Ian Clark's On Hockey: Optimism abounds in Monarchs Country
Boasting a strong nucleus of experience, adding talented youngsters and playing a new attacking style that led the parent club to a Stanley Cup, there's good reason for optimism in Monarchs Country.
Manchester opens its AHL season Friday night at 7:05 in Providence. The Monarchs have installed the Los Angeles Kings' system and the players have taken to it. Up and down the lineup, the weaknesses appear to be few.
Starting up front on the forward lines, the Monarchs return three of their four top scorers from last year in Brandon Kozun (20 goals, 26 assists, 46 points), Linden Vey (19-24-43) and captain Marc-Andre Cliche (17-24-41).
Veterans such as Rich Clune, David Meckler and Stefan Legein provide a backbone for up-and-coming players like rookies Tanner Pearson, Jordan Weal, Brian O'Niell, Tyler Toffoli, Nikolay Prokhorkin, Andy Andreoff and second-year players like Vey and Robbie Czarnik.
Andrei Loktionov and Jordan Nolan are also in town after closing the season with a Cup win in L.A. and Justin Johnson plays the enforcer role.
“We've got great depth. It starts with the veteran presence of Cliche, Clune, Meckler and Legein,” said Monarchs head coach Mark Morris, who enters his seventh season at the helm. “The other returners, they continue to make steady progress and seem to have a pretty good grasp of the way the Kings want to see us play. The newcomers, there's a ton of skill there. Every time out, you see something that pulls you out of your seat.”
The depth at forward will create some problems of the “good ones to have” variety for Morris.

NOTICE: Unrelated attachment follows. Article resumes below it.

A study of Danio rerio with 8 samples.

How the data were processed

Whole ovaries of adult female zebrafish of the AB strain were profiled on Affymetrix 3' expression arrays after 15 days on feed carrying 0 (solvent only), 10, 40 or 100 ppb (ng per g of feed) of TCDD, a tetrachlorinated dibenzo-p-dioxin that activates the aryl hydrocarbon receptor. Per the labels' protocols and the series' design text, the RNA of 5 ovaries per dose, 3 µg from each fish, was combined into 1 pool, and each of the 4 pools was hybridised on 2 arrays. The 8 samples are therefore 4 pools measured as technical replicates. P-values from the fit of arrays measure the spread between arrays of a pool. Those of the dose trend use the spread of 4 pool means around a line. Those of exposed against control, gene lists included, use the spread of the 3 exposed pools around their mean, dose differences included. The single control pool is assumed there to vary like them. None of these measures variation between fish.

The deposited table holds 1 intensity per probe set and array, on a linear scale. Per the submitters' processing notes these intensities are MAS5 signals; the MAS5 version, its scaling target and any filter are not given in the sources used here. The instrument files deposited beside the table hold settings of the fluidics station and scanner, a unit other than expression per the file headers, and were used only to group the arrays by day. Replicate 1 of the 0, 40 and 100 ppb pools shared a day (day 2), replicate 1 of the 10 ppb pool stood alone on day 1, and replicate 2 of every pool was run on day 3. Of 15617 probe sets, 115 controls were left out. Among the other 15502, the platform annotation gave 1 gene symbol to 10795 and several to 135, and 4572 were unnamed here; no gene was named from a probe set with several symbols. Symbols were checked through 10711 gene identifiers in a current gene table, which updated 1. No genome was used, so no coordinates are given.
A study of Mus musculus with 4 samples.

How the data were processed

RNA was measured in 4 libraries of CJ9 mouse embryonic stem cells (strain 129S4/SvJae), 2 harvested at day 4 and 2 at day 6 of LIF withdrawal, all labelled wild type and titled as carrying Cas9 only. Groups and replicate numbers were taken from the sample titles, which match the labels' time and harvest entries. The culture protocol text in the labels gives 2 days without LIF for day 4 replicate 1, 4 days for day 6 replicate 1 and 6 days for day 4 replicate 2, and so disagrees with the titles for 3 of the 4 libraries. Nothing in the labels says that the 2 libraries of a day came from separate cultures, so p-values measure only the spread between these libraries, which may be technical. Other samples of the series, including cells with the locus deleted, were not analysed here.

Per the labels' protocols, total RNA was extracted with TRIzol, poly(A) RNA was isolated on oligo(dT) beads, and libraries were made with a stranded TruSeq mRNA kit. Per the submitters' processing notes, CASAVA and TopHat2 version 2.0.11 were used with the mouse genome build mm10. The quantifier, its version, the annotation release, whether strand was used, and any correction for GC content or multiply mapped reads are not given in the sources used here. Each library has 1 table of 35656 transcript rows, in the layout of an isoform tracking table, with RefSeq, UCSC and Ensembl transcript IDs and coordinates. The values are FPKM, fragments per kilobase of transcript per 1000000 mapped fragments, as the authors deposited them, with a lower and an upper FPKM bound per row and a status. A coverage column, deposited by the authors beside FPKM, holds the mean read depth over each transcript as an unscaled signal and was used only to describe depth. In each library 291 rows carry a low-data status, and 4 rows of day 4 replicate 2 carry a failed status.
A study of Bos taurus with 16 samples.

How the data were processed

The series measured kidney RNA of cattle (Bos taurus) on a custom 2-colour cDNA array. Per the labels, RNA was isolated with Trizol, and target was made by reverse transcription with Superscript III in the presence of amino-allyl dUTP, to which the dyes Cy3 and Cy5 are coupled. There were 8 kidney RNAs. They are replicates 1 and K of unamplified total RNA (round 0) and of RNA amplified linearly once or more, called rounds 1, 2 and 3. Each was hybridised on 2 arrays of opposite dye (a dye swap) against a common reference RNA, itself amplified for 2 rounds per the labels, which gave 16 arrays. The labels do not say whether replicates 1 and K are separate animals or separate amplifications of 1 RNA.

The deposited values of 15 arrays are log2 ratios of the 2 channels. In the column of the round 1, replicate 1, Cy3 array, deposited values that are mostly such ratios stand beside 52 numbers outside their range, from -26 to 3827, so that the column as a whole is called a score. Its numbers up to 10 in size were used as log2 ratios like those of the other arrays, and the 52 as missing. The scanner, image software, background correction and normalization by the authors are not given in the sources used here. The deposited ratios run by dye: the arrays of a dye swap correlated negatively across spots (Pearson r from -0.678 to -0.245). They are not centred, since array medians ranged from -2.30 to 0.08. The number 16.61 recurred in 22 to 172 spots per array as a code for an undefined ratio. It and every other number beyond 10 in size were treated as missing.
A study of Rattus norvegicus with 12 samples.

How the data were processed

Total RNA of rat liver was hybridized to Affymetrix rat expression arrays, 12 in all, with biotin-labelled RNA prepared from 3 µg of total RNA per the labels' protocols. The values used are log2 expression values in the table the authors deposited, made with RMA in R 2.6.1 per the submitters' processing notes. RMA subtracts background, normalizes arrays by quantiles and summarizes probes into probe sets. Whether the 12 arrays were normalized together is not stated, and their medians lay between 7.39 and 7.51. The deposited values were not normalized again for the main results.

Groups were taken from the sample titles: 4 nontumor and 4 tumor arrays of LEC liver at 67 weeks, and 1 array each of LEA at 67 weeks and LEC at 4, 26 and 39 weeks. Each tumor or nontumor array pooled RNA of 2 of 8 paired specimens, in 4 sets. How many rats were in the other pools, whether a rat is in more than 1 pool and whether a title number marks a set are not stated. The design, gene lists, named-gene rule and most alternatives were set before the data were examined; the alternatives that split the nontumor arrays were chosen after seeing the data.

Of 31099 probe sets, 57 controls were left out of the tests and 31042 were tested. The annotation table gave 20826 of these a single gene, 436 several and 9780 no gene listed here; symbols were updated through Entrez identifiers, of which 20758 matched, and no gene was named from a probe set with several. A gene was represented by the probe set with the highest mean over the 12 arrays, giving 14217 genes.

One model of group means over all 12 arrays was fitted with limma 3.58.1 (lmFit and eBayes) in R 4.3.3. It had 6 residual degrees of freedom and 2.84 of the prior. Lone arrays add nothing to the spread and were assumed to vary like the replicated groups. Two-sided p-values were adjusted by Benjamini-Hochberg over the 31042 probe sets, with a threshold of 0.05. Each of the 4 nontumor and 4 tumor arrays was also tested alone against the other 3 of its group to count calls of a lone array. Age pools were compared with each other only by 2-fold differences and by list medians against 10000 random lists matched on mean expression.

“We have five really good lines. I wouldn't want to be in coach's spot to decide who is going to be in the lineup every game,” Cliche said. “It's really positive for the season.”
Cliche himself will act as the anchor for the forwards, playing alongside longtime linemates Clune and Meckler to form a solid checking/energy line that can also chip in with scoring.
“We know we won't get as many goals as the young kids on the team but we just work hard and give them energy,” Cliche said. “We're ready to accept that role and go forward with it.”
Moving back to the blue line, the Monarchs should be strong in their own end, with a good mix of puck-movers like second-year man Nick Deslauriers, Jake Muzzin and Slava Voynov (another down from L.A. during the lockout) and steady stay-at-home veteran D men like Andrew Bodnarchuk, Andrew Campbell, David Kolomatis and Thomas Hickey (who plays both ends very well).
“It doesn't matter which two guys you throw out. I think there's a mix of guys with solid defensive play and guys who can move the puck,” Hickey said. “We're going to have some happy forwards this year because they're going to be getting the puck every time they're out there. I don't think we'll be playing in our own end too much with the capability we have out there.”
Moving from defense to offense will be key in the new up-tempo style.
“I think we have more of an aggressive attitude about defending the rush and also a very quick transition game equates into strong attacks and sustained offensive play,” Morris said.
The last line of defense is also expected to be a strong point for the Monarchs. Third-year goaltender Martin Jones is the No. 1 option in net. Jones was excellent in preseason action and appears ready to take the top job and run with it.
“I'm thrilled with what I've seen so far,” Morris said.
Backing up Jones will be either journeyman Peter Mannino or rookie J.F. Berube. A decision is expected today on the situation, though it is likely that Berube will be assigned to Ontario of the ECHL where he will see plenty of ice time to continue his development. Mannino provides capable backup insurance to offer Jones a breather during heavy stretches of the schedule.